I can't drive this car on a trip. The headrest is tilted so far forward that I can't get comfortable. I have a neck ache for a week after a 300 mile trip.
Drive this car out on the interstate for at least 15 minutes before you buy it.
I wish I had.
Also uncomfortable: The surface of the steering wheel is slippery plastic.
It makes my hand ache after 45 minutes of highway driving.
Again - DRIVE this car before you plunk down the money.
Make sure you fit in it comfortably.
I didn't drive it enough.
I regret it.
I should have gotten the Forester.
It's too bad that the car is so uncomfortable.
Otherwise I'd keep it forever.
One more time:
Do NOT test drive this ca
Wonderful folding rear seats.
Very, very flat cargo area.
Enlarged rear door openings to fit big things through easily.
Peppy engine, 5 speed transmission.
Tremendous acceleration for passing cars on the interstate.
Good turning radius.
Astonishing gas mileage if you're willing to drive at 61 mph on cruise control on the interstate (as opposed to 80 so many others.)
I've verified repeatedly that I get 43.2 miles per gallon on the interstate with the cruise control at 62 mph.
I've made the same 550 mile round trip
six times in the last month and each time I got 43 miles per gallon.
One tank (13 gallons ) took me 550 miles.
Make the headrests
They are pure torture. They're tilted so far forward that it's impossible to relax your neck.
This is baffling to me.
Why did Honda make such a mistake?
Subaru did not.
Improve the visibility all around.
Especially to the rear.
Put a proximity beeper with the back up camera.
If you're test driving this car, please, please drive it more than the 6 miles I did before plunking down your dough.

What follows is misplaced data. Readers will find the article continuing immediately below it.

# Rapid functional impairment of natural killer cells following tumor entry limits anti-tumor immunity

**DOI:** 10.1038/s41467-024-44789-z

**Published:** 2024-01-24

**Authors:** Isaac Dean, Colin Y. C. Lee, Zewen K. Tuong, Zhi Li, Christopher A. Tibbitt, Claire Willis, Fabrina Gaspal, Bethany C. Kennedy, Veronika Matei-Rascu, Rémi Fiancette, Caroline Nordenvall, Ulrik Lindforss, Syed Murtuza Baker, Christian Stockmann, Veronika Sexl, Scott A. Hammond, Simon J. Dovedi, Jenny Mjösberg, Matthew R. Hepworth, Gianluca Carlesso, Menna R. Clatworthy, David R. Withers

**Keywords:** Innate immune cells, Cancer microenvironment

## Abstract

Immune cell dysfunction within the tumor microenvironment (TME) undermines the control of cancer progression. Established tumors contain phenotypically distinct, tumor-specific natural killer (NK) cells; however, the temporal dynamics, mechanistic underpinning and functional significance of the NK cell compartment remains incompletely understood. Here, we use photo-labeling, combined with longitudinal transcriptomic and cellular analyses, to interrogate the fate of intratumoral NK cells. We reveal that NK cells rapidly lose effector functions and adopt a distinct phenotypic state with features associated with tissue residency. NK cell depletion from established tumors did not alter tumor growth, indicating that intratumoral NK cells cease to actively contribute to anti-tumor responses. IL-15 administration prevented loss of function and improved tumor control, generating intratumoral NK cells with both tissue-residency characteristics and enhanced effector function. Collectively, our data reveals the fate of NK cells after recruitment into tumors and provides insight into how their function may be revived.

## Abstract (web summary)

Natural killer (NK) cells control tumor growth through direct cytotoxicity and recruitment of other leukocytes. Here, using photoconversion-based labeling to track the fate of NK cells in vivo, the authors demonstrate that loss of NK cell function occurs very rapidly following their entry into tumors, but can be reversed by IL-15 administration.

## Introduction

Take it out on the highway and drive it just like you were starting out on a trip.
After 10 miles, if your neck is comfortable - go for it.
If not, don't get this car.
Headrests on all cars have been redesigned over the past years to move them further forward to reduce whiplash injuries in rear-end collisions.
They want the headrest right next to your head.
Your only option is to raise or lower it to try and find a comfortable front-to-back setting. (I found this out from my Chiropractor when I got a whiplash injury in an older car.
He told me all about headrest design and how it has changed).
I found the 2014 Forester to be very uncomfortable after sitting in the seat for 5 minutes. After the redesign, you would think Subaru would put more thought into the seating. I am 5'1 and my husband is 6'5 and neither of us have any complaints about the CRV seats. The Outback has a much nicer more comfortable seat than the CRV but it is not as smooth and intuitive to drive as the CRV. I could not get used to the noise in the CVT transmission of Subaru.
I think test driving a car multiple times at different dealerships is helpful.
I have the same problem with my '12 Accord.
I hoped I would get used to it, but I haven't.
Trouble is, I love everything else about the car.
I made a back pad by enclosing an inch and a half thick pad of dense polyester batting in a cloth case.
It's not pretty, but it makes all the difference.
In Winter, wearing a jacket in the car also helps a lot.
Some people have reported bending the head rest bars so the head rest is an inch or two further back.
I wouldn't do that.
This design is in other cars, too, and seems to be a result of the NHTSA final ruling on head restraints (49 CFR
This is a very long and technical read, but if you want to know why the seat is so uncomfortable, you can give it a look.